As you may know, Brazil has a somewhat complex legal system, with bureaucracy, complicated regulation and other challenges having an effect on foreign companies doing business in the region.
Despite the complexities, Brazil is a wonderful country which has a vast array of unexplored business opportunities. For this reason, our legal team wants to provide you with some ‘doing business’ tips before you begin operations in the largest economy in Latin America.
Table of Contents
1 – Doing Business in Brazil – Be Prepared
Brazil presents a wealth of business opportunities for good entrepreneurs, however, your company needs to be 100% prepared before beginning commercial operations:
- You must have your company’s Social Contract submitted to Commercial Registry; also registering at Federal Revenue and, State Inscription (to commercial companies) and Municipal Inscription (to services companies).
- Do not forget to get your business license(s) before beginning operations – this will depend on the type of business activity that you are involved with.
- The Brazilian Government imposes fines and restrictions on companies that try to operate without formal registrations.
2 – Be Aware of the Brazilian Tax System
The Brazilian Government is famous for its complex tax rules and advanced tax monitoring system. Doing business in Brazil means that every company here must know all the taxes and accounting obligations.
Foreign companies have struggled to keep up-to-date with constant changes to the Brazilian Tax System. To be aware of all these variations, working with a local accountant/accounting team is highly recommended.
3 – Brazilian Labor Regulations
The Brazilian authorities take labour rules very seriously. Even with the recent labour legal reform, there are many employer regulations that restrict the freedom of labour agreements. Foreigner companies must have a comprehensive understanding of their legal obligations when it comes to employment.
4 – Foreign Employment in Brazil
Foreign companies who want to bring foreign employees to work in Brazil must formally apply for a work visa permit before the employees arrive in Brazil. A work visa permit must be obtained from the Ministerio de Trabajo (Labor Ministry).
5 – Brazilian Regulatory Environment
There are many regulatory agencies in Brazil that monitor sectors such as medicines, technological products, finance etc. Before beginning operations, be sure that your company adheres to the Brazilian regulatory framework.
6 – Foreign Investment in Brazil
Foreign companies or Brazilian companies with international investors are obligated to inform the local authorities of the total value of these investments in Brazil. They must use the proper system (Sistema de Registro de Investimento Estrangeiro Direto/RDE-IED) to complete this process.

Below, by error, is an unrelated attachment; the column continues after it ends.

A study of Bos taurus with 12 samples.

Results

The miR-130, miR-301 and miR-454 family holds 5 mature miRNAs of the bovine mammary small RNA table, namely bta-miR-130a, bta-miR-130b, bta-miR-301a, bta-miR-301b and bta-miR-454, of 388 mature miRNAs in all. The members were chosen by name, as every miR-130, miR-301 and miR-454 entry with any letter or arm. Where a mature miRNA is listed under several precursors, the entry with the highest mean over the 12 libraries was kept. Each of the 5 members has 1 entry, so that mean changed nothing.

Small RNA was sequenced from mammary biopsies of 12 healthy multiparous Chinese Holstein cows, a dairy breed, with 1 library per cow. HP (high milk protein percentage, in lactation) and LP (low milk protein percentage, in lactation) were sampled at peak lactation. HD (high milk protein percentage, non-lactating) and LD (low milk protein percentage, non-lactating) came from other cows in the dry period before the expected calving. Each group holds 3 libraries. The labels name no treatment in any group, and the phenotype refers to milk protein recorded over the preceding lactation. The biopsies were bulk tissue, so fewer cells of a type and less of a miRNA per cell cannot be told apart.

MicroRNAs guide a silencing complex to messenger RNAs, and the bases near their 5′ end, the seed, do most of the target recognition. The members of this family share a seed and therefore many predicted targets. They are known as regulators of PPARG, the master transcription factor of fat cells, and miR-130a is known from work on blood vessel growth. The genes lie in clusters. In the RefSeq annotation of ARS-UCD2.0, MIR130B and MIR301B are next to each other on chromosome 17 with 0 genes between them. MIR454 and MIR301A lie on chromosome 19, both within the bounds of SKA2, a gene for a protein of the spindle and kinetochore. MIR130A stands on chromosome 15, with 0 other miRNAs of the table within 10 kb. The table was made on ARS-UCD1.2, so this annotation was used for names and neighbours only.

The Brazilian Central Bank has the role of monitoring the total amount of foreign investment in Brazil.
7 – Brazilian Bureaucracy
Brazilian bureaucracy is complex and endless, and everyone who wants to invest here must be conscious that bureaucracy presents itself in many parts of the business environment. However, working with a local partner will help to mitagte Brazilian bureaucracy.
8 – Work with Local Partner
As you can see, the Brazilian legal system can be exhaustive and difficult to understand, especially for foriegners.
For this reason, to avoid problems and seek the best results it is necessary to have a good legal support while you are doing business in Brazil.
Interested in Exploring Commercial Opportunities in Brazil?
These legal tips have been created by our legal team to help you successfully navigate the Brazilian business environment. The Biz Latin Hub Group is ready to support you and your business in Brazil and Latin America. We have a specialized and experienced team that can offer professional and tailored business services in Brazil. Get in contact with us for more information on how we ca support your business in Brazil.
Biz Latin Hub understand local Latin American accounting and tax regulations. Learn more here.
The information provided here within should not be construed as formal guidance or advice. Please consult a professional for your specific situation. Information provided is for informative purposes only and may not capture all pertinent laws, standards, and best practices. The regulatory landscape is continually evolving; information mentioned may be outdated and/or could undergo changes. The interpretations presented are not official. Some sections are based on the interpretations or views of relevant authorities, but we cannot ensure that these perspectives will be supported in all professional settings.